House passes ‘Blake’ bill to enshrine drug possession as misdemeanor

It is at odds with the Senate version which had a harsher penalty. The two chambers will have a week to sort it out.


The House, on a 54-41 vote, passed an amended version of Senate Bill 5536 around 1:30 a.m. Fifty-one Democrats and three Republicans backed the bill.

“We can’t do what we’ve always done. This bill is a response to our communities’ need for us to take action,” said Rep. Jamila Taylor, D-Federal Way, author of the extensive substitute.

What emerged stands in sharp contrast with the Senate’s approach on what should be the long-term strategy, given the state Supreme Court’s ruling in 2021 that erased a law making simple drug possession a felony.

At that time, lawmakers agreed to make possession a misdemeanor but require cops refer people to treatment before arresting them. They set June 30 as the date for those changes to expire.

Senate Bill 5536 drafted by Sen. June Robinson, D-Everett, is the legislative vehicle for figuring out what happens come July 1.

A month ago, the Senate, on a bipartisan 28-21 vote, approved a version making drug possession a gross misdemeanor, and building out the state’s drug treatment programs and services. One could avoid prosecution by completing a pretrial diversion program, and get a conviction for simple drug possession vacated by completing treatment.

House Democrats made changes, some significant. They made it a misdemeanor to possess and use drugs in a public place. Cops no longer have to refer someone rather than arrest them. But those arrested solely for possession must be given a shot at a pretrial diversion.

Under that approach, a person would be referred to a program, like the Recovery Navigator Program, where a “biopsychosocial assessment” would be performed.

Based on the result, the person could be referred to treatment and services or, if they are determined not to be in need of any services, be sentenced to up to 120 hours of community service, according to an analysis of the bill by House Democrats. Charges would be dropped if they substantially comply with treatment and services for six months or complete their community service.

Robinson, reached Wednesday afternoon, acknowledged a lot has changed since the bill left the Senate.

“We’re looking at it,” she said. “I suspect the answer is going to be a bipartisan approach.”

Senate Minority Leader John Braun, R-Centralia, said Tuesday that Republicans can’t support the House bill and a deal will need to be ironed out in a conference committee.

“Their far left is pulling the bill down to almost uselessness,” he said.

A coalition of Snohomish County leaders don’t like the House version either.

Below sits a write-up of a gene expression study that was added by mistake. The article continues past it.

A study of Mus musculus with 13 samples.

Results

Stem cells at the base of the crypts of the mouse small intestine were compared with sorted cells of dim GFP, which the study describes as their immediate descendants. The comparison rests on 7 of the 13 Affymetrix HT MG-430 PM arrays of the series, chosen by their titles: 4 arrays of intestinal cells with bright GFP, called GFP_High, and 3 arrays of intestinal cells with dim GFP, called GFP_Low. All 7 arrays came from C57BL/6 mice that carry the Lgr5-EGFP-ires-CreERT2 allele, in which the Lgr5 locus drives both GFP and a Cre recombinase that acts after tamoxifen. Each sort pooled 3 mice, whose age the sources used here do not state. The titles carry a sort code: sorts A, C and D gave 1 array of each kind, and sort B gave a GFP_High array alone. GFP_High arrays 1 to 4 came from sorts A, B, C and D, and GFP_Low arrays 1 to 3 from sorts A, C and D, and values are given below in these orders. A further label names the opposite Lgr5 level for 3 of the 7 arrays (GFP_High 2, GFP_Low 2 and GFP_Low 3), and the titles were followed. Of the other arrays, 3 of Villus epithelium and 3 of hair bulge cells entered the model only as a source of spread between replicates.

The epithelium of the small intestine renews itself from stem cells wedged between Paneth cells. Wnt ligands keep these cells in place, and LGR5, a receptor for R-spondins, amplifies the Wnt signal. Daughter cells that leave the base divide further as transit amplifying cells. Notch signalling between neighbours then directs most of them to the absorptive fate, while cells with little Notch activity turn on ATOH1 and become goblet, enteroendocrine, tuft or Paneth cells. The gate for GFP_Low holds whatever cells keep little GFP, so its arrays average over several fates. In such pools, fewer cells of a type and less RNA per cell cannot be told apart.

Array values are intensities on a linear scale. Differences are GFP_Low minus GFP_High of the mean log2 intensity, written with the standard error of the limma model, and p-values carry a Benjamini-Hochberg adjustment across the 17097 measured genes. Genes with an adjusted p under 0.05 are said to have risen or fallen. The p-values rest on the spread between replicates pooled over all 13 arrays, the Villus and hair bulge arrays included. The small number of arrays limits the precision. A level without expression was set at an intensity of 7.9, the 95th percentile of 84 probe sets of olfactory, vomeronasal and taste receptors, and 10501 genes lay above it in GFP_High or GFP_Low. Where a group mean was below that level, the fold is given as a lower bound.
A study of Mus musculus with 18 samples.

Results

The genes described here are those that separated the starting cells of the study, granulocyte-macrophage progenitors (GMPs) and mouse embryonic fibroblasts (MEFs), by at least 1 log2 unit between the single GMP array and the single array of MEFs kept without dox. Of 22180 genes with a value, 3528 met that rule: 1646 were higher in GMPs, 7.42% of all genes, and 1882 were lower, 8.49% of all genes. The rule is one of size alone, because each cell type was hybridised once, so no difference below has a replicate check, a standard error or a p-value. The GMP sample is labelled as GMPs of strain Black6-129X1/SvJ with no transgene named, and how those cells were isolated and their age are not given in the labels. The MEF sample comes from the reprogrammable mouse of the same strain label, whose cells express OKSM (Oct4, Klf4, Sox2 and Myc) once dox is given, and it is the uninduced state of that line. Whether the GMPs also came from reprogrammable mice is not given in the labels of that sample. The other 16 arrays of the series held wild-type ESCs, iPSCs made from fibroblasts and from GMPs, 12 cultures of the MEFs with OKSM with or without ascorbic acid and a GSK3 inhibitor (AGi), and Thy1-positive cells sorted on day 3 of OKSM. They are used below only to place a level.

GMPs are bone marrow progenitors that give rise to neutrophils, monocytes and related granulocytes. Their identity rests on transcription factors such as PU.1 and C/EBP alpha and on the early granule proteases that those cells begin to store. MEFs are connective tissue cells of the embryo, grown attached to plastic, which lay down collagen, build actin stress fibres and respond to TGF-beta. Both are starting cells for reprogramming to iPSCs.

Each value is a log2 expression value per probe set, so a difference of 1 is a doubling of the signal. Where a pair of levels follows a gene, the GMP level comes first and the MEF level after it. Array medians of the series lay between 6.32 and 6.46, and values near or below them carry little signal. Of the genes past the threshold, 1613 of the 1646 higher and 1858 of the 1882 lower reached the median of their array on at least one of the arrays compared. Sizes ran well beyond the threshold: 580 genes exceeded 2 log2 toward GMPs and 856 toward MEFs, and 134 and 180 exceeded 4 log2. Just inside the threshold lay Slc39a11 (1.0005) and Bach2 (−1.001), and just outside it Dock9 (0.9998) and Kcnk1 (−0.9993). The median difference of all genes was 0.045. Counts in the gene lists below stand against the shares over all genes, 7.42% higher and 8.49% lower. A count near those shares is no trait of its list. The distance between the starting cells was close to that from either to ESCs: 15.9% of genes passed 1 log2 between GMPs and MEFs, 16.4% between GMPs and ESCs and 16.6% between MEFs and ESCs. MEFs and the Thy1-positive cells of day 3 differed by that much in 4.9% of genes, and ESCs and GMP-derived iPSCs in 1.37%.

“The change in Washington’s drug possession laws has led to a variety of social problems that are ravaging our communities at unprecedented levels,” begins the statement from the Snohomish County Mayors and Business Leaders for Public Safety.

“To reverse this trend and to help those with substance use disorders find the treatment they need, a law that more effectively balances legal consequences and treatment is needed to reverse the impacts of the Blake decision,” it continues. “Regrettably, we do not see that happening with the changes that the House of Representatives has made to SB 5536.”

The debate early Wednesday centered on the best approach to getting those arrested who are suffering with addiction into treatment, and to make sure they stick with it. As lawmakers spoke, many revealed their path to recovery or shared their experience aiding parents, children, family members or friends battling with substance use disorder.

“People do not get better in jail. It is harsh. It is ineffective,” said Rep. Tarra Simmons, D-Bremerton, who struggled with addiction and served time in prison. The bill, she said, is about “building a system that has multiple pathways to recovery.”

Rep. Lauren Davis, D-Shoreline, who works in the field of addiction recovery, said substance use disorder is a chronic, progressive disease and must be treated with a chronic care model. The bill’s expansion of the recovery navigator program will provide stable, personal ties that people with addiction need to successfully manage their disease, she said.

“This disease is rooted in self-loathing. Shame is not the cure for addiction. It is the cause,” she said. “This legislation recognizes that recovery is born of hope and meaningful connection.”

Republicans argued a harsher penalty and potential jail time will provide incentive for people to stay on their treatment path. Without them, people arrested for using drugs on the street will choose a brief stay behind bars rather than pursuing any diversion options.

Rep. Carolyn Eslick, R-Sultan, the debate’s final speaker, spoke of a grandson fresh out of prison after a two-year stint on drug charges, and a niece who nearly died from a heroin overdose, and was now back on the street.

“I want to say yes to this but it isn’t enough,” Eslick said. “We have to be able to make it so uncomfortable for them that they will stay in their treatment and they will go to treatment. But this bill doesn’t do that.”

Rep. Gina Mosbrucker, R-Goldendale, the ranking Republican on the House Community Safety, Justice and Re-Entry Committee, expressed frustration House Democrats veered away from the approach endorsed in the Senate and by House Republicans.

“Washington’s experiment on legalizing hard drugs … in my opinion failed,” she said. “We’ve had two years of seeing more and more people on the sidewalks with needles in their arms. This bill leaves more questions and less answers unfortunately. There are too many places where you could fail or we’re setting people up to fail.”

Jerry Cornfield: 360-352-8623; jcornfield@heraldnet.com; Twitter: @dospueblos.